The social entrepreneur and his team are building an installation that would help light homes in time for the April 27 celebrations—and they’re asking for everyday folks to pitch in by working with their hands.
In the middle of last year, Illac Diaz happened to watch Pay It Forward, the 2000 Mimi Leder drama that starred Haley Joey Osment. In the movie, Osment plays a kid who decides to repay a favor by doing good deeds to three people, who in turn will do the same to three others.
This got Diaz, who has been a social entrepreneur since the early aughts, thinking: why don’t we start a chain of our own? “Social entrepreneurs can really solve many problems,” he says—even ones mired in a health crisis.
Light the way
This led to the creation of Light It Forward last July. The campaign challenges individuals to build one solar-powered lamp, post it on their social media accounts, and tag friends to do the same. The lamps will then be donated to an electricity-deficient home, an “energy poverty” that affects around 20 million Filipinos.
Light It Forward falls under Diaz’s venture called Liter of Light, an initiative that started in 2013 that bills itself as a “grassroots green lighting program bringing low-cost, zero-carbon solar bottle bulbs to underprivileged communities worldwide.” This initiative has spread to 32 countries—Colombia, Yemen, India, Bangladesh, just to name a few—empowering around one million people a year.
These lighting products are relatively easy to put together, gives employment to marginalized groups, and provides an alternative to expensive and sometimes dangerous kerosene lamps. According Liter of Light, these simple constructs reduce carbon emissions by 1,000kg.
More than symbols
Before the lamps make it to the villages, they find temporary life as art installations—anything from a portrait of Rizal, or the largest rosary in the world.
Over the past year, the installations have turned to honoring the heroes of the pandemic. Diaz and his team called up Luneta Park while Metro Manila was still in lockdown. “’Is it possible that I honor the frontliners by doing a solar artwork?’” he asked the park’s management. “Each and every light will honor a frontliner for giving us hope and we will keep this light in your honor.” That installation, which was put up last Bonifacio Day, led the largest Philippine flag solar art in the world.
Liter of Light then got a call from the National Quincentennial Committee, which was in the process of organizing events and celebrations for the 500th anniversary of the April 27 Battle of Mactan.
While the celebration was an important recognition of Lapu-Lapu’s heroism, Diaz and his team were worried with environmental impact of the activities connected to it. “We wanted to sort of reflect the new concern,” he says, adding the carbon footprint of fireworks, of building structures, and flying in people cannot just be overlooked. “What we did was to get thousands of people to build solar lights to reduce carbon footprint.”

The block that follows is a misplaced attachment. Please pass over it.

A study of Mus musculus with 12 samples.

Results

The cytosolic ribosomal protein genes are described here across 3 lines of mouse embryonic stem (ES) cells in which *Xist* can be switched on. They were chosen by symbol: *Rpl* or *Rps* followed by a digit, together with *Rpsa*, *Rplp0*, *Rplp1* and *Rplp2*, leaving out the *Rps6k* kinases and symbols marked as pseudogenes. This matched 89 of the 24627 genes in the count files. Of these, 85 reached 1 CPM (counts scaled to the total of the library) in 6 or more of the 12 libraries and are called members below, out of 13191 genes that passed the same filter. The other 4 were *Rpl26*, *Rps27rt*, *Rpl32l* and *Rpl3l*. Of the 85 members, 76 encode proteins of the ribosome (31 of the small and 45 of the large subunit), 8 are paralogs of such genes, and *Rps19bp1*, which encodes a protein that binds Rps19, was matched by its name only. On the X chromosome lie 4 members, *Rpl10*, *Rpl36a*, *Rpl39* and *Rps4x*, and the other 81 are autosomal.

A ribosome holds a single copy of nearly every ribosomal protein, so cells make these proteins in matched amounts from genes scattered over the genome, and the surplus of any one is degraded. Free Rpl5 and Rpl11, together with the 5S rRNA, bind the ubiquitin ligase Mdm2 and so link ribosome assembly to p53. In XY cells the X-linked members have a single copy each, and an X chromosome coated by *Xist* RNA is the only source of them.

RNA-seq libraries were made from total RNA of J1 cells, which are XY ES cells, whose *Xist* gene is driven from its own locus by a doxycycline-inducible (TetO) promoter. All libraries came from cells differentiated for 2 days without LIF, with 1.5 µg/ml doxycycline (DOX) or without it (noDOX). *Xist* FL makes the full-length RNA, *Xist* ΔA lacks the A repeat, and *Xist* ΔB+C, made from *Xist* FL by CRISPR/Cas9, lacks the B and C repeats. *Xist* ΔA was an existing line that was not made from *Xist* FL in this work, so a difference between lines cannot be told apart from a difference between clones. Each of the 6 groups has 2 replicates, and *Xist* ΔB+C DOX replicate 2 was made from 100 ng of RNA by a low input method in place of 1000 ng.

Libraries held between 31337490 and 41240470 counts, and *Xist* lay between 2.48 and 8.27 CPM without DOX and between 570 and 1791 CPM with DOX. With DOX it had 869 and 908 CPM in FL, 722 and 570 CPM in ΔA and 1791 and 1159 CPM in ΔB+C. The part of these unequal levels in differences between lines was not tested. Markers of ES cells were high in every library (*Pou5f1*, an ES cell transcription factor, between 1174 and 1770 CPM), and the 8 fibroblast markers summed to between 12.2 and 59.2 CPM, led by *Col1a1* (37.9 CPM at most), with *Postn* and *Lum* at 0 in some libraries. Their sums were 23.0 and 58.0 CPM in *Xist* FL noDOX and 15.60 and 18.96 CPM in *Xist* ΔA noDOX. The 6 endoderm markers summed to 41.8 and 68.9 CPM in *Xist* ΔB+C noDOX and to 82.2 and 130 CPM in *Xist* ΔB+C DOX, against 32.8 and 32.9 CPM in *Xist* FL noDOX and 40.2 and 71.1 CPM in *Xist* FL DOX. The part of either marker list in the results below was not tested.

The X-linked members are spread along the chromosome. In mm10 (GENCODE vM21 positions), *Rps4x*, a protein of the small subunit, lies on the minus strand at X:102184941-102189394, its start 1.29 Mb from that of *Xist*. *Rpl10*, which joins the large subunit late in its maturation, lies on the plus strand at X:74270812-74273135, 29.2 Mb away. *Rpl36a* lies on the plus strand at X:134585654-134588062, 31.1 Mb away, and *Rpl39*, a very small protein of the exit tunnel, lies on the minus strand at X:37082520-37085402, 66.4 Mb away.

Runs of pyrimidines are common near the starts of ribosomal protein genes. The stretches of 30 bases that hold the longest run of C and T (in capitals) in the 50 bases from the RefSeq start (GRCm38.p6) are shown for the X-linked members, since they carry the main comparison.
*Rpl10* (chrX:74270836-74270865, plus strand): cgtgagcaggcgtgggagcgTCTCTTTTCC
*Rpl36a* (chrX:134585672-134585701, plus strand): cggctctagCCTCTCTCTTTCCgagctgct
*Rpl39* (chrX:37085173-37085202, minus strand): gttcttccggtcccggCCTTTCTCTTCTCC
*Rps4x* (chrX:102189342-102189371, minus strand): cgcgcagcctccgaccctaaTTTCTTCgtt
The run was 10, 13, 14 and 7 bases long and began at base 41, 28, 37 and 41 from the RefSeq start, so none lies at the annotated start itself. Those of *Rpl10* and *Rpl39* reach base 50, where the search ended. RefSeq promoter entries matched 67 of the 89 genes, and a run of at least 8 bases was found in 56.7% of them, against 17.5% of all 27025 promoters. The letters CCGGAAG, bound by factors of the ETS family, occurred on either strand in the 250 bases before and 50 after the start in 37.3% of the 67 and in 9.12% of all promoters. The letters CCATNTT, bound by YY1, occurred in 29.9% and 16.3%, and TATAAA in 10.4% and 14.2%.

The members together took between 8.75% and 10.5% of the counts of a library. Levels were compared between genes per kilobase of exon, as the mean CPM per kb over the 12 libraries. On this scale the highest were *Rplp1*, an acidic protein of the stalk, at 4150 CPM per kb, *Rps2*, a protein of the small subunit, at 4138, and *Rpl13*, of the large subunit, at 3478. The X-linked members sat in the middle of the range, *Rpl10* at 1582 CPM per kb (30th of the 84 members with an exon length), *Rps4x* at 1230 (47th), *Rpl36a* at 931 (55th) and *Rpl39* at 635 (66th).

Light It Forward got 4,000 participants in Metro Manila, including celebrities like Dingdong Dantes and Colleen Garcia, between July to December last year. As they continue the campaign for the Quincentennial, they are aiming for more. “Right now we’re just aiming for just 10,000 people until April 27, and we hope that we can make it bigger,” Diaz says. The installation would be of a warrior to celebrate Lapu-Lapu.
Filipinos for the world
Diaz and his team were are also chosen as the Philippine private sector representatives to the 2021 World Expo, a global even that will be held in Dubai in October, which expects around 20 million attendees. “We’re getting 6,000 Filipinos in the UAE to celebrate it to make a map of the world in solar lights,” Diaz shares.
This is also the 50th anniversary of UAE-PH diplomatic ties, and both countries will be highlighted in the installation.
The message they wish to convey at the expo is that Filipinos are at the forefront of this global fight against the pandemic. “While the whole world is paralyzed, Filipinos are doing this on a large scale,” Diaz says, pointing out the sheer number of frontliner pinoys spread out all over the world.
“Hindi lang tayo ilaw ng tahanan, ilaw rin tayo ng mundo. That is really what I want the artwork to say,” Diaz says. “Hindi lang tayo ilaw ng tahanan—or just giving money back to the Philippines—we also do things that change the world.”
For more information on Liter of Light, visit literoflight.org.
The full spread on Liter of Light can be found in Volume 1 of Lifestyle Asia 2021.